Wednesday, 31 August 2016

One Tip That Will Positively Transform Your Photography

Photography is becoming an increasingly popular and easily accessible craft these days. With such accessibility comes the possibility of monotony. If you have heard of Writer's Block, you will be amazed to know that such a thing as Photographer's Block also exists. Such a term only comes into existence when there appears to be a need for it.

Unsurprisingly, with the increasing number of photography enthusiasts out there, this unwelcome symptom often manifests itself among photographers who lie on the thin line between hobbyists and professionals. It is they who are persevering towards clinching a name for themselves. It is they who are on the lookout for their own special style of photography. After all, it is they who wish to finally come out of their cocoon and spread their wings. Often, though, most of us are forever left hanging on the edge of that boundary; neither here nor there.

What should one do, then?

A number of photographers claim that discussing their photography with others has helped them evolve in their art immensely. So what if you are the first among your acquaintances to have entered the world of professional photography? Discussing your photography with others does not mean having to book an appointment with the most successful photographer in town and exchange ideas over tea. No. Rather than plague yourself with such flawed reasoning, you should look around and realize that it is that which surrounds you which will prove to be most beneficial.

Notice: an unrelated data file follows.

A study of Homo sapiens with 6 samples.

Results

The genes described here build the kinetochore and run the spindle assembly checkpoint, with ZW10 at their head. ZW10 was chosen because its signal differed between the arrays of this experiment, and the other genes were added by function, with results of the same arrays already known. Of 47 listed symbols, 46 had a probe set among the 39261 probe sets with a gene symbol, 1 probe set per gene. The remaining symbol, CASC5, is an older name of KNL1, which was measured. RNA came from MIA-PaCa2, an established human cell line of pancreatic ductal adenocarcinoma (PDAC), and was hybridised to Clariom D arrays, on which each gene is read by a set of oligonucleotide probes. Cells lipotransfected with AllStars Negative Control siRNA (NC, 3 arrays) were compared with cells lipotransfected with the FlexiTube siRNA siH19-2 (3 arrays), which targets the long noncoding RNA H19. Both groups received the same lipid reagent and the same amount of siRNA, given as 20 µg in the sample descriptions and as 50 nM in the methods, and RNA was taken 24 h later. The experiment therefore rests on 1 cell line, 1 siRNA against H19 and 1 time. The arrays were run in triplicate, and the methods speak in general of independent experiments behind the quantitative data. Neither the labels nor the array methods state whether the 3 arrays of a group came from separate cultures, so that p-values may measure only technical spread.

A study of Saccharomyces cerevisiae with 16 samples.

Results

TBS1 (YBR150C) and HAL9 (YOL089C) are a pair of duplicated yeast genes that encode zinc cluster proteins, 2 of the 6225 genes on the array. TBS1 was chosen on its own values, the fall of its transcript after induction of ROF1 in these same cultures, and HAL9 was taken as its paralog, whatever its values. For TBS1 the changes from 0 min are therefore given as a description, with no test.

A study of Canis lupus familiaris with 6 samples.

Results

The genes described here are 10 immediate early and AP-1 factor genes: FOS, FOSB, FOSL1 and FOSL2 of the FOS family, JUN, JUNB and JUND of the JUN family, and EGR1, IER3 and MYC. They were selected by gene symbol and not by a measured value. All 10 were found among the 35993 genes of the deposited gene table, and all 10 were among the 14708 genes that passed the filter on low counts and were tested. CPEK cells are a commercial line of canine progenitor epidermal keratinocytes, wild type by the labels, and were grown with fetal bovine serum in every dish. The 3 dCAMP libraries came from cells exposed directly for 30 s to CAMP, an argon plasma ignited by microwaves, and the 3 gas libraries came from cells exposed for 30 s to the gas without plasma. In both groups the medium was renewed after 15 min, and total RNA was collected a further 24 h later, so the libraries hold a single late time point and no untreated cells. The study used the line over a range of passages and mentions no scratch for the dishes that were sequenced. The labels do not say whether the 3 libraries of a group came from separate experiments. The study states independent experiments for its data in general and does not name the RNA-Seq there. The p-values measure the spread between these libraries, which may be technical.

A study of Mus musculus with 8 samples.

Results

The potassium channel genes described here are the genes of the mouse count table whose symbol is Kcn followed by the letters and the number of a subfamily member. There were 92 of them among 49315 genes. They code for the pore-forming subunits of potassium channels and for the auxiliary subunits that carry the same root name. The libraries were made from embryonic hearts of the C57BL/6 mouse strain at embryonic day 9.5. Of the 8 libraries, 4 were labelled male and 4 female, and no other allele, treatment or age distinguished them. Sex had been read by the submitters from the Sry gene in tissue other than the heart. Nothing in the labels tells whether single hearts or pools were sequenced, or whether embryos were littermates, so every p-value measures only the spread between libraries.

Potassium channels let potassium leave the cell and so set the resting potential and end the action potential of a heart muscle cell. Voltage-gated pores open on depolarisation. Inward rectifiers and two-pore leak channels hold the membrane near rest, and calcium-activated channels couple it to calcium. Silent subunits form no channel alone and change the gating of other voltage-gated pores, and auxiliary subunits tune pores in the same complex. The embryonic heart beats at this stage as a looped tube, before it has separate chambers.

Have you ever considered sitting down with your mother and showing her the most recent photographs you have captured? What about your colleague at work? Do you think he might be interested in discussing your photography? Because when you think about it, the majority of your audience will be ordinary amateurs who know not a thing about the technical aspects of photography but who will be easily able to tell apart a good photo from a relatively bad one. What makes them so well-equipped, you ask? After all, it is you who have labored this long to come far in the profession. You should know what makes a good photograph. Then, why go ask people who have no idea about the world behind the lens?

Precisely because they don't.

When your mother does not know what is considered good composition, she is sure to portray her views in an unbiased manner. She does not have any preconceived notions about composition and its techniques such as the Rule of Thirds. If that photograph of the bird captured right in the center of the photograph appears appealing to her, she won't disregard it because it "doesn't follow the rule." She will undoubtedly let you know exactly why the photo caught her attention. By discussing your photography with those close to you, you can be assured of receiving an honest opinion about your work. They will be the ones to figure out what makes your photography different from the rest. That unique style of photography you wish you also had? Reviewing your photos with those around you may ultimately reveal your hidden photography style.

Who knows? Soon, your photography may be a brand in itself.

Written by Priyanshi Sheth
"Namaste!" from a creative, Indian soul who aims to keep herself motivated as she writes, travels, photographs, and thereby, shares her knowledge.